President Barack Obama made an unannounced trip to Iraq earlier this month as an adjunct to his well-received diplomatic stops across Europe and Turkey. Speaking to hundreds of cheering U.S. troops, the president reiterated his promise to withdraw “combat” forces over the next two years, and pointedly urged the Iraqis to “take responsibility for their country and for their sovereignty.”
Three days after the president’s brief visit, a suicide truck bomb killed five U.S. soldiers in Mosul, long a center of insurgent activity. It was the deadliest attack on American forces in thirteen months. Hundreds of Iraqis, of course, continue to be killed each month in assassinations and bombings. Although the counterinsurgency efforts known as the “surge” have been widely heralded as a “success” by the war’s most unrepentant advocates, more honest observers concede that even the relative peace Iraqis now enjoy is fragile and reversible. While violence is down significantly—and the reasons for that development reach well beyond the surge—little has been done to resolve underlying ethnic and religious conflicts, conflicts that many U.S. commanders think will pitch Iraq back into civil war, even if the U.S. withdrawal goes smoothly.
Political reconciliation among Iraq’s three dominant and antagonistic communities—Shiites, Sunnis, Kurds—remains tentative at best. Most problematic is the status of the “Awakening Councils,” the 100,000 Sunni insurgents the United States successfully turned against their former Al Qaeda allies with tens of millions of dollars in bribes. The Shiite-dominated Iraqi government of Prime Minister Nuri Kamal al-Maliki remains deeply suspicious of these Sunni tribesmen, and has yet to make good on promises to incorporate them into the army or to share any real governing authority with them. Meanwhile, the Kurds, now living in a semiautonomous state of their own, show little interest in being reintegrated into the larger Iraq. Divisions within the majority Shiite community, though dormant at the moment, are equally serious.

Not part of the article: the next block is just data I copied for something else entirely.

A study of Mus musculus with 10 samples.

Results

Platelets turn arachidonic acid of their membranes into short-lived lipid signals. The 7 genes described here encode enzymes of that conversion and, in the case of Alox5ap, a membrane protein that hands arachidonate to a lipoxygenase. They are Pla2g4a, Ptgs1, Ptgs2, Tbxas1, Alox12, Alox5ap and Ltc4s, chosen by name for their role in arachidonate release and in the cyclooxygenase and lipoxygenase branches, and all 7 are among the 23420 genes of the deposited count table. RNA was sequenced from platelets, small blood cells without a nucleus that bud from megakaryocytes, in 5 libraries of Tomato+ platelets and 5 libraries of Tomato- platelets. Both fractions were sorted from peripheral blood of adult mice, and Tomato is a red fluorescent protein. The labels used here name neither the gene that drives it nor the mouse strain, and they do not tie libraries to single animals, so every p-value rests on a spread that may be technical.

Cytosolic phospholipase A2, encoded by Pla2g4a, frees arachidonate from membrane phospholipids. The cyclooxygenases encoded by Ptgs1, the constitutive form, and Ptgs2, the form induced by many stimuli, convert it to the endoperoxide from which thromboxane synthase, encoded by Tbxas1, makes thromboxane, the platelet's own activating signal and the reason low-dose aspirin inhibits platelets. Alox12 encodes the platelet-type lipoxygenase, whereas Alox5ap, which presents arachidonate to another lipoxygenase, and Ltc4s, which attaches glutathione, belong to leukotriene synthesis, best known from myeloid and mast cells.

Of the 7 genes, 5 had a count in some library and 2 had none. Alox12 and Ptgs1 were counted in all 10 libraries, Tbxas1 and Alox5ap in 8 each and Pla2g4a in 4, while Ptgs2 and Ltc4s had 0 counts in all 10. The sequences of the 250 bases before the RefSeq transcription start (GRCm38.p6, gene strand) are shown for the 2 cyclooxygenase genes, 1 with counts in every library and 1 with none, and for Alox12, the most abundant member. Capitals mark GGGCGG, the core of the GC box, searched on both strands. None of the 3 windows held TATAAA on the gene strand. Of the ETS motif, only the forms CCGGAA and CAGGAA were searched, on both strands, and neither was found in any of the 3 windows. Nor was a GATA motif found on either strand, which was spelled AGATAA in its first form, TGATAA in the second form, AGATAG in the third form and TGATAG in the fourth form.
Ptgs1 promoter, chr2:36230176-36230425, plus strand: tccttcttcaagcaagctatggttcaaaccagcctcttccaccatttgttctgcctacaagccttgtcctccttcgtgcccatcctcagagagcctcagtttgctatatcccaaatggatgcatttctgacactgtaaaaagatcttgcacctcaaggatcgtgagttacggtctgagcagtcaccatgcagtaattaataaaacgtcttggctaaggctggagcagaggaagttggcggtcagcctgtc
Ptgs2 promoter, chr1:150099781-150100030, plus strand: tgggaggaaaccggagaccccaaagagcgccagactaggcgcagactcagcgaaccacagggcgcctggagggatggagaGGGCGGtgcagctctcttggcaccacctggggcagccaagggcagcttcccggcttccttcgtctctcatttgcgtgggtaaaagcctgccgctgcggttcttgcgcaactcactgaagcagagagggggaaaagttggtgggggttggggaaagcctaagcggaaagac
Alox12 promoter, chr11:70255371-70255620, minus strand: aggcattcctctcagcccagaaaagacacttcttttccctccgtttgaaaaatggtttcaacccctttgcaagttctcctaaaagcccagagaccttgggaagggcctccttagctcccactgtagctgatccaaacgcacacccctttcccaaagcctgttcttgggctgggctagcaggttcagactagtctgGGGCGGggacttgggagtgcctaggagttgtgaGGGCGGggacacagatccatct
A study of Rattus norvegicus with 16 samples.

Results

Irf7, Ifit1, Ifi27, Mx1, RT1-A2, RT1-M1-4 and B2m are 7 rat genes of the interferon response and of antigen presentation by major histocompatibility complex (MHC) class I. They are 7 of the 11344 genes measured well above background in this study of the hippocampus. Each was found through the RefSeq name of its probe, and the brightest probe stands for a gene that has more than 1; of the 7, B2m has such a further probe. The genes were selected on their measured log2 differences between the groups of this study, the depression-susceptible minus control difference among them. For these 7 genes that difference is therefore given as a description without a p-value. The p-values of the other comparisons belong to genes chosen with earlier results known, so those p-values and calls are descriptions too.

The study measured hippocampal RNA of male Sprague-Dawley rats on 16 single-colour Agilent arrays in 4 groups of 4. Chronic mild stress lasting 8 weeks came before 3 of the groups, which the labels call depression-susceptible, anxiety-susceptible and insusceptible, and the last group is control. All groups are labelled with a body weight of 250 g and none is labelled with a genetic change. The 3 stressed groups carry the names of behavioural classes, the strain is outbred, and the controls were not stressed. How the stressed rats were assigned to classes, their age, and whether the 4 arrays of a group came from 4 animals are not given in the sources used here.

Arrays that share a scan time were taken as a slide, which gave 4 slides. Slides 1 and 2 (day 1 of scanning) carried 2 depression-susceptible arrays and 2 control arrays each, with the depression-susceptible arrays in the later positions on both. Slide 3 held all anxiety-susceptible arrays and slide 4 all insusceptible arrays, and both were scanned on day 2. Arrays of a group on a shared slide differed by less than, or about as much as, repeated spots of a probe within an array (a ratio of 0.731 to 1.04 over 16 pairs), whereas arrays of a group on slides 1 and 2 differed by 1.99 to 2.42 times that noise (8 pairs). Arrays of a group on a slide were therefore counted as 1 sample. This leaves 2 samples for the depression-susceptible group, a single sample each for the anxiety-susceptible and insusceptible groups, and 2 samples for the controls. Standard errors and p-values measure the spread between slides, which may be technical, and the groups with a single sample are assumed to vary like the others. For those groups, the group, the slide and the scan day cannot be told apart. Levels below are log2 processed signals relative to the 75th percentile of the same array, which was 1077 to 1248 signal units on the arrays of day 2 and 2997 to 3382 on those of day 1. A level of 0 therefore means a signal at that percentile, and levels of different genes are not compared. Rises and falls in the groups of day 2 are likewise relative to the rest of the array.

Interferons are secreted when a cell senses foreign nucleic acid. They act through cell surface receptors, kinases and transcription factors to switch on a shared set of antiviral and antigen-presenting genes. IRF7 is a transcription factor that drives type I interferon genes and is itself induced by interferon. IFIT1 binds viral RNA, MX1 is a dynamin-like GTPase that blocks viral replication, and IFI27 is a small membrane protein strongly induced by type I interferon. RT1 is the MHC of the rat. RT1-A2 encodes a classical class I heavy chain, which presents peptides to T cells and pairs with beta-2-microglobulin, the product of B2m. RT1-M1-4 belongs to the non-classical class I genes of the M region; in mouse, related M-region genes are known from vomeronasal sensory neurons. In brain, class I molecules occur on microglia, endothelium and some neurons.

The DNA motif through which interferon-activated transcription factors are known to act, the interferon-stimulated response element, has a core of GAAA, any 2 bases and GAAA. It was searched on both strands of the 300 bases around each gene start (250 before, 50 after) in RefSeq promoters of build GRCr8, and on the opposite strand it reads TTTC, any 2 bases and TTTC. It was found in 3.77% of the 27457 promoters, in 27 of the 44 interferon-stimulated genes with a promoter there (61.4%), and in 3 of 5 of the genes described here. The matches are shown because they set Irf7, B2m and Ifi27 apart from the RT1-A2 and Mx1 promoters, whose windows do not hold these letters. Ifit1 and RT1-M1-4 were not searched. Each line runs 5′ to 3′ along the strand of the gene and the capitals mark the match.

Opposition to the invasion of Iraq was the initial rationale and most distinguishing feature of Barack Obama’s campaign for the presidency. Much of the political momentum behind his candidacy flowed from outrage over the war. While willing to compromise on the pace of the U.S. withdrawal, the new president shows no sign of reneging on his pledge to “bring the troops home” before the end of his term. With the army stretched thin and 69 percent of the American people in favor of ending the war, Obama probably has little wiggle room. It is also the case, as Slate’s Fred Kaplan and others have pointed out, that the United States is obligated by the Status of Forces Agreement with Iraq (signed by President George W. Bush) to withdraw “all U.S. forces” by December 31, 2011. Keeping U.S. forces in Iraq against the express wishes of the Iraqi government would make a mockery of everything our men and women have been fighting for.
There are important dissenting views about the likelihood of a peaceful endgame in Iraq. Most prominent among the skeptics is Thomas Ricks, former senior Pentagon correspondent for the Washington Post and author of Fiasco, considered one of the best accounts of the military failure of the occupation. Ricks’s new book, The Gamble, is an analysis of how and why, after finally recognizing in 2006 that the war was being lost, President Bush came to embrace the surge strategy. But Ricks is no Pollyanna about the long-term prospects for peace, let alone democracy, in Iraq. “I don’t think the Iraq war is over,” he writes, “and I worry that there is more to come than any of us suspect.” He predicts that U.S. troops will remain in Iraq for decades, arguing that the country will be plunged into genocidal violence should the United States leave according to schedule. He quotes an American commander who knows the generals of the new Iraqi army well: “They’re ready to kill people—a lot of people—in order to get stability in Iraq.”
There are limits to what even the best-intentioned intervention can accomplish if those whom the United States is trying to help are determined to settle old scores once and for all. President Obama has set in motion the incremental withdrawal of nearly 100,000 U.S. troops over the next several years. No one, however, should underestimate the risks involved. As Ricks writes, to do so would be as hubristic as the claims made by those who initially championed this terribly misbegotten and unnecessary war.